This file photo taken on April 06, 2017 shows former US Secretary of State Hillary Clinton speaking at the Eighth Annual Women in the World Summit at the Lincoln Center for the Performing Arts in New York City. (Photo by AFP)
Former US Secretary of State Hillary Clinton, who lost the 2016 presidential election to Donald Trump, says she will not run for president again although she is “not done with politics.”
The 2016 Democratic nominee, whose new book “What Happened” is set to be published on Tuesday, appeared on CBS on Sunday to announce that she would not seek the 2020 Democratic presidential nomination.
“I am done with being a candidate,” said the former secretary of state before the release of her 2016 campaign memoir. “But I am not done with politics because I literally believe that our country’s future is at stake.” 
In the 2016 presidential election, the New York billionaire won the electoral college vote necessary to become the president despite losing the popular vote to Clinton by 2.9 million votes.
‘It hurts’
The 69-year-old politician undermined Trump’s presidency, citing his former job as a reality TV star.
“We have a reality show that leads to the election of a president. He ends up in the Oval Office. He says, ‘Boy, it’s so much harder than I thought it would be. This is really tough. I had no idea,’” she said. “Well, yeah, because it’s not a show. It’s real. It’s reality, for sure.”
Clinton further asserted that she had moved on from her 2016 election loss, yet acknowledging that it still “hurts.”
“I am good,” she said. “But that doesn’t mean I am complacent or resolved about what happened. It still is very painful. It hurts a lot.”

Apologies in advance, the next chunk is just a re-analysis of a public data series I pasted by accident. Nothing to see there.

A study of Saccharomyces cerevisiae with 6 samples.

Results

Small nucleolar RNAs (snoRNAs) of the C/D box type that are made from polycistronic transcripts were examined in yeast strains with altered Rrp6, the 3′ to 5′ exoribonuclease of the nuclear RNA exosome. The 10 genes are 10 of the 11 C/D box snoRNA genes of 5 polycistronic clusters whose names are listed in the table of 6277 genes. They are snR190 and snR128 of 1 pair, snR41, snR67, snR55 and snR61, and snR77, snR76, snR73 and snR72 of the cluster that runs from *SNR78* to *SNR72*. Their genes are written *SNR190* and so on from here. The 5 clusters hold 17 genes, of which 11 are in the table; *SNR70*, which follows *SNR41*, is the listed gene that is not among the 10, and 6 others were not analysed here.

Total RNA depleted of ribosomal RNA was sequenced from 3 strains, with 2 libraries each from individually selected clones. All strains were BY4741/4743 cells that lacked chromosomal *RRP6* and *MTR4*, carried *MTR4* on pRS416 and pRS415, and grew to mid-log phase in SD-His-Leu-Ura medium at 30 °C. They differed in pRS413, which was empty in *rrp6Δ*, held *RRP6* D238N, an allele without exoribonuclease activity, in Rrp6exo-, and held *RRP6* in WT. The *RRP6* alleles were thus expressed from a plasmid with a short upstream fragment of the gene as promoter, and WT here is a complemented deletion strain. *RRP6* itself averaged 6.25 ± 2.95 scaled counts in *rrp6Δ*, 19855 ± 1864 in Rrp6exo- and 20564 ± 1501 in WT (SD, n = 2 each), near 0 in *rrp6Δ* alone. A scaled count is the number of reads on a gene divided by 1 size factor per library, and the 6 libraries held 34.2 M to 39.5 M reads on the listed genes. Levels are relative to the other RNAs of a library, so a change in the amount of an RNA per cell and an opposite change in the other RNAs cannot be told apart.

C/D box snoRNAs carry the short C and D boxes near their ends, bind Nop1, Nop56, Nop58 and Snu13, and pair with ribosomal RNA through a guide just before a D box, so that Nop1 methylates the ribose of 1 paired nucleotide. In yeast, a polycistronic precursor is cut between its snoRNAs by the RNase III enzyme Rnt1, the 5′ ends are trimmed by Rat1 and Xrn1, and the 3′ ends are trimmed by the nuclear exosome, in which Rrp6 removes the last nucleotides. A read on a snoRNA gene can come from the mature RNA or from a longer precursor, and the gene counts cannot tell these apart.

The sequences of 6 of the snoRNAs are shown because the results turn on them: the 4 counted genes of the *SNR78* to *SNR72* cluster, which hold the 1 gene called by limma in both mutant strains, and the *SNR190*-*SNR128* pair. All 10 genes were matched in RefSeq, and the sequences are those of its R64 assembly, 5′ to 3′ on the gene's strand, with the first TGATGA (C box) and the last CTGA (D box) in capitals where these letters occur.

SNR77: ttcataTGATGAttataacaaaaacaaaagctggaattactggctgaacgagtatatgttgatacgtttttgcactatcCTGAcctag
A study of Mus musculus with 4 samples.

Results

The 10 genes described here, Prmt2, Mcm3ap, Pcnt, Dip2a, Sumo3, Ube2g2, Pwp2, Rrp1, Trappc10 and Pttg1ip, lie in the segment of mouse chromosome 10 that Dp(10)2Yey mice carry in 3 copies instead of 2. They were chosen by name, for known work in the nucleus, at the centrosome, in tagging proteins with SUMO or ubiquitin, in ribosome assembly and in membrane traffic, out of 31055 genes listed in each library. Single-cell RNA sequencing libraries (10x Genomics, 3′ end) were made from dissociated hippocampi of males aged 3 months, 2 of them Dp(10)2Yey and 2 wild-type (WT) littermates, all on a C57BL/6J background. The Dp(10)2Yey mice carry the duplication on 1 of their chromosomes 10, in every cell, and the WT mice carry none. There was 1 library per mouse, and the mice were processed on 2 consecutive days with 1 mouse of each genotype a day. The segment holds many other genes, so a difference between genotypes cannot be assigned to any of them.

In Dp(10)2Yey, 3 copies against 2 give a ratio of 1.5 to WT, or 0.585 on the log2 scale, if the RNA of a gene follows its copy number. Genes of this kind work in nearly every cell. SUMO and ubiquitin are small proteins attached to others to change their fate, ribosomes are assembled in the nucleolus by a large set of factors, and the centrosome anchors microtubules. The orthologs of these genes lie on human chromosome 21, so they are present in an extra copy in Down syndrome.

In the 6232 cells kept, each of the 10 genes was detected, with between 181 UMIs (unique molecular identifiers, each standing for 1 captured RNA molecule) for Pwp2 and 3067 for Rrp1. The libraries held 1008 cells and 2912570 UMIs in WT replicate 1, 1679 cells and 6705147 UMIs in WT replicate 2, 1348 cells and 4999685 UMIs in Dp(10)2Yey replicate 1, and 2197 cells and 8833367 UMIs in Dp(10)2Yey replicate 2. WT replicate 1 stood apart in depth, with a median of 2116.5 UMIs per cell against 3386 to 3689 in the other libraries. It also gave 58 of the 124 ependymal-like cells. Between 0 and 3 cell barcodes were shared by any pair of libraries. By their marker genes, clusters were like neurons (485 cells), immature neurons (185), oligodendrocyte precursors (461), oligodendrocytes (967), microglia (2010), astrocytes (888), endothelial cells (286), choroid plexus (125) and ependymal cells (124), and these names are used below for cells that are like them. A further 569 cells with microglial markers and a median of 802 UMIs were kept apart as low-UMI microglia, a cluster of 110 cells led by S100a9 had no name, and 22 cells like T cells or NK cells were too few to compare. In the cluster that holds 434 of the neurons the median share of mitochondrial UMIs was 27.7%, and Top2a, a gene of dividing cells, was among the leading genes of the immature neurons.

‘Enormous letdown’
The former first lady, who took part in the new president’s inauguration ceremony after her failure, described the event "like an out-of-body experience," stating that his speech was a "cry from the white nationalist gut."
"But I'm a former first lady, and former presidents and first ladies show up," Clinton said. "It's part of the demonstration of the continuity of our government. And so there I was, on the platform, you know, feeling like an out-of-body experience. And then his speech, which was a cry from the white nationalist gut."
This file photo taken on October 19, 2016 shows former Democratic presidential nominee Hillary Clinton departing the stage following the third and final US presidential debate with former Republican nominee Donald Trump (background) at the Thomas & Mack Center on the campus of the University of Las Vegas in Las Vegas, Nevada.
Elaborating on her loss, she added, "I understood that there were many Americans who, because of the financial crash, there was anger. And there was resentment. I knew that. But I believed that it was my responsibility to try to offer answers to it, not to fan it. I think, Jane, that it was a mistake because a lot of people didn't want to hear my plans. They wanted me to share their anger. And I should've done a better job of demonstrating 'I get it.'"
The former candidate also cited release of a 2005 tape, in which Trump is heard bragging about sexually abusing women.
"Trump was behaving in a deplorable manner," she said. "There were a large number of people who didn't care."
The former secretary of state also recalled the moment she came to terms with her loss.
"I just felt this enormous letdown, just kind of loss of feeling and direction and sadness," Clinton said. "It was a very hard transition. I really struggled. I couldn't feel, I couldn't think. I was just gob-smacked, wiped out.”